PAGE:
How everything started
On a journey to Baku in 1874, Robert Nobel buys a small refinery and a parcel of land from the master of the river boat he is travelling with. Just a year later, he finds oil on the island of Cheleken in the Caspian Sea. This is the start of the oil industry that was to dominate the Russian oil market a long time into the future.
The brothers Robert, Ludvig and Alfred Nobel were well-informed of developments in the technical and chemical areas. Ludvig had heard that the Russian, Kokeroff, had built a small factory in Baku in the southern Caucasus in 1857, where he made kerosene, paraffin and started the first refinery in 1863. In a letter to Robert in 1864, Ludvig felt that the "price is still too high. This oil will, however, probably be able to compete with American oil soon enough. The resources are just as rich as those in America. Generally speaking, Petroleum has a bright future in every way".
The Russian government abolished this form of leasing land in January 1873. The state was now selling plots (parcels) to the highest bidder through public auctions. Buying was profitable. Robert had wanted to travel back to Baku for a long time; he had experience of kerosene from the lamp and lamp oil warehouse, Aurora, in Finland. But instead Ludvig offered Robert the opportunity of manufacturing 500,000 stocks of wood for the Russian army rifle, the Berdanka, in his factory in Izhevsk on commission. Robert knew that walnut wood was best and that the tree grew in the southern Caucasus. But first, Robert was to study the manufacture of rifles in Switzerland and Austria and then look for wood for the stocks in the Caucasus.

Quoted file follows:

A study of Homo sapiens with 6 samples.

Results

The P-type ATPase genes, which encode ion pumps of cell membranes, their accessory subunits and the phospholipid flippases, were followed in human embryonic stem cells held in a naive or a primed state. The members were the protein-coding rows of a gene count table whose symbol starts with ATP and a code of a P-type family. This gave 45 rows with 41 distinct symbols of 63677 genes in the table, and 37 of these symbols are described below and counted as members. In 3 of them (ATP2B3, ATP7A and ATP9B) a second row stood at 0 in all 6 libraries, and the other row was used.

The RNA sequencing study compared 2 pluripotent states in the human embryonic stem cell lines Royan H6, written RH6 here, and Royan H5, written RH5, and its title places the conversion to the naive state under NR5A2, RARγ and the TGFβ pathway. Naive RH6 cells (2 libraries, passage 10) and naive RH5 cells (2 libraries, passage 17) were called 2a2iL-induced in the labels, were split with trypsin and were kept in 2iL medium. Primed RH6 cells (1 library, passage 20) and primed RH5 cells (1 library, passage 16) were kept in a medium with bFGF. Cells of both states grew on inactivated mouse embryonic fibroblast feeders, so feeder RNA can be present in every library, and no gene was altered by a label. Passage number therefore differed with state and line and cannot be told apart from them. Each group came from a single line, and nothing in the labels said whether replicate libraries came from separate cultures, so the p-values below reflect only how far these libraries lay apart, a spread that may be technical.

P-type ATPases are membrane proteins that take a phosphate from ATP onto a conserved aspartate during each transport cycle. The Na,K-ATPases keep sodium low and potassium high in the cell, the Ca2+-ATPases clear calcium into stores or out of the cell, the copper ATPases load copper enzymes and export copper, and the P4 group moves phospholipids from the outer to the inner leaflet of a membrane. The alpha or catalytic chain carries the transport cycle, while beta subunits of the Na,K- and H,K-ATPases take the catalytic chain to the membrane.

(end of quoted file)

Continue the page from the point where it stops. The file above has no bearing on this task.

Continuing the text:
Robert visited his brother, Alfred, who had established a fortune manufacturing and selling nitroglycerin, in Paris. The brothers discussed the modern manufacturing methods for rifles that Robert had studied. Robert subsequently carried out a thorough exploration of the forests in the mountains west of Baku at the Caspian sea. The report to Ludvig in September 1873 was a negative one. The forests were either too old or badly managed to suffice for rifle production. But Robert had seen how "Baku had become a lively town".
Towards the end of 1873, Robert returned to St Petersburg. He received 25,000 roubles from Ludvig as compensation for his search for wood for stocks and information about weapon production. As early as the beginning of the following year, however, Robert returned to Baku by steam train to Tsaritsin and by boat on the river Volga, via Astrakan, to Baku. The master of the river boat was the Dutchman, Debour. He was also the owner of a refinery and a plot of land in Baku, which Robert bought from him.
In October 1875, one year later, Alfred was able to send word that Robert had found excellent crude oil at a depth of 10 fathoms on the island of Cheleken. Robert had the raw product but the question was how he would manage production? Ludvig and Alfred had previous experience of Robert's fiascos. Now they wanted to help him and had contributed both money and good advice of a technical nature. However, Ludvig found it difficult to judge Robert's new inventions in distillation and purification of the oil and writes to Alfred:
"The main thing is and will, however, continue to be understanding running the business as a whole in a sensible manner. I am always thinking that we, i.e. you and I, should travel there together to see if we could help him in some way. We have, of course, succeeded in becoming independent and we should, therefore, try to help Robert to also get into the same position. So, think about the trip to Baku."
Robert took out a mining concession on the island of Cheleken on the eastern side of the Caspian Sea, but left it later and concentrated on the Baku area. There, in the Black City, 120 small refineries were operating. In the oil fields of Baku, primitive methods were being used, but now technical developments began. Robert gave the Swede, Martin Westwall, who was already running a mechanical workshop in Baku, with skilled Swedish workmen, the task of manufacturing the equipment for the refinery and later made him responsible for running it. Two young Swedish civil engineers, Erland Theel and August Avelin, were employed as the chemist and production manager. In the autumn of 1875, production got going. Robert found himself very much at home in a Baku with oil fever. The simplest farmer's son who put his spade in the right place could become an oil baron. Riches flowed from the Caspian peninsula, Absheron's, brownish yellow semidesert.